Link to Malcolm Gladwell’s book website:


A tipping point is the critical moment at which an idea, product, trend or behavior crosses a threshold and leads to irreversible development. Malcolm Gladwell’s book, The Tipping Point, reveals the importance of networks in everyday life, especially in epidemics. Trends come and go, but what does it take for one of those to stick and moreover, to grow to epidemic proportions? One of the important factors that contribute to the tipping point of a trend or event is the role of the Connector.


According to Gladwell, the Law of the Few (along with the Stickiness Factor and the Power of Context) deals with a few key types of people: Connectors, Mavens, and Salesmen. Once an idea, a trend, or a product is linked to these three kinds of people, its likelihood of becoming an epidemic rises. The person Connectors (there may be more than one) are the type of people who “know everyone” and have a knack for making friends. They are defined as having many acquaintances and usually a social circle that is four or five times the size of others’, thus they have great social power. They are the weak ties and local bridges that bring the world together.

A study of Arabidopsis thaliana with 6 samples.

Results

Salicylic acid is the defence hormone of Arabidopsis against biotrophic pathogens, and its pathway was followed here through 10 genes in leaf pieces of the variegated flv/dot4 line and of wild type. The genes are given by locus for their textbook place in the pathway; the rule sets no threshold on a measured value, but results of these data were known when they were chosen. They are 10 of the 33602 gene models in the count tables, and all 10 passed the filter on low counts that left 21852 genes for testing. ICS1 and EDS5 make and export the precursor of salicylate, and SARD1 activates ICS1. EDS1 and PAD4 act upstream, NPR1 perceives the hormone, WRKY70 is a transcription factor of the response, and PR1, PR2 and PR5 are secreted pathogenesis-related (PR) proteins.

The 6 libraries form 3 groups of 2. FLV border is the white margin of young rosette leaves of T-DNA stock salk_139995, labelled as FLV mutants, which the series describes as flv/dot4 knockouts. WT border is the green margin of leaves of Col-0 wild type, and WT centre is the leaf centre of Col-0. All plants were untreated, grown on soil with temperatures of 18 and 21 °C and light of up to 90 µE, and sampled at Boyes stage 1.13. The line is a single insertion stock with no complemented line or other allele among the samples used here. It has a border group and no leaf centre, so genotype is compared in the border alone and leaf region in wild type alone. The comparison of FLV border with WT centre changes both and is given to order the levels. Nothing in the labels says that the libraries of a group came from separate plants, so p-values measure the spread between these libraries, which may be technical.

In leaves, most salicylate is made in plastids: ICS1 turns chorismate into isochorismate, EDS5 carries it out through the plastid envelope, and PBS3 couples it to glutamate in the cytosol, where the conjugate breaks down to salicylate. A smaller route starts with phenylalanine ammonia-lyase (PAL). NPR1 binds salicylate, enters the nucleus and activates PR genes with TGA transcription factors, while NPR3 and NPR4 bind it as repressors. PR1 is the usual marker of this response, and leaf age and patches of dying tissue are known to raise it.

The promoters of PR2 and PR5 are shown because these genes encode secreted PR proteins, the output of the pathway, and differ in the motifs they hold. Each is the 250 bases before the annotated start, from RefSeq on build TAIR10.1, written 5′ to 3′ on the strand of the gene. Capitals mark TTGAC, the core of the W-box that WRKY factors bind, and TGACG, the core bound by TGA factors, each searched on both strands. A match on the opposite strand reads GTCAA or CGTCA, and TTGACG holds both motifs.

Through the Connector, small scale interaction translates into large scale patterns that in turn feed back into small groups. We know by Strong Triadic Closure that if two friends A and B are best friends or have a strong tie, and A and C are also best friends with a strong tie, then at least a weak tie exists between B and C, and that they have probably met before. However, if no triad exists, a “bridge,” or a line in a network exists which is the only path between these two points, A and C. The significance of weak ties then is that those which are local bridges create more and shorter paths. Therefore, whatever needs to be diffused, shared or spread, will reach more people (travel a greater social distance) through weak ties than through strong ties.

For example, for a while in the 90s, Hush Puppies was a dying and unknown brand, sold only to “unfashionable” customers. Then at one point, the Tipping Point was reached and Hush Puppies became the cool shoes to wear. A group of trendy and hip kids, the Connectors or Early Adapters, had been wearing the shoes. These people were “marginal” or “central,” but because of their many weak ties, they were in the best social position to diffuse this product. From the Early Adopters, Hush Puppies reached the next more integrated part of the local social system, the Innovators, and later spread to the masses, entering more social networks and spreading at an increasing rate.


All Hush Puppies needed was one of those Connectors, those exceptional people, to hear of the trend, and by means of personality, enthusiasm, and social connections, it spread. All it takes is one person to start an epidemic.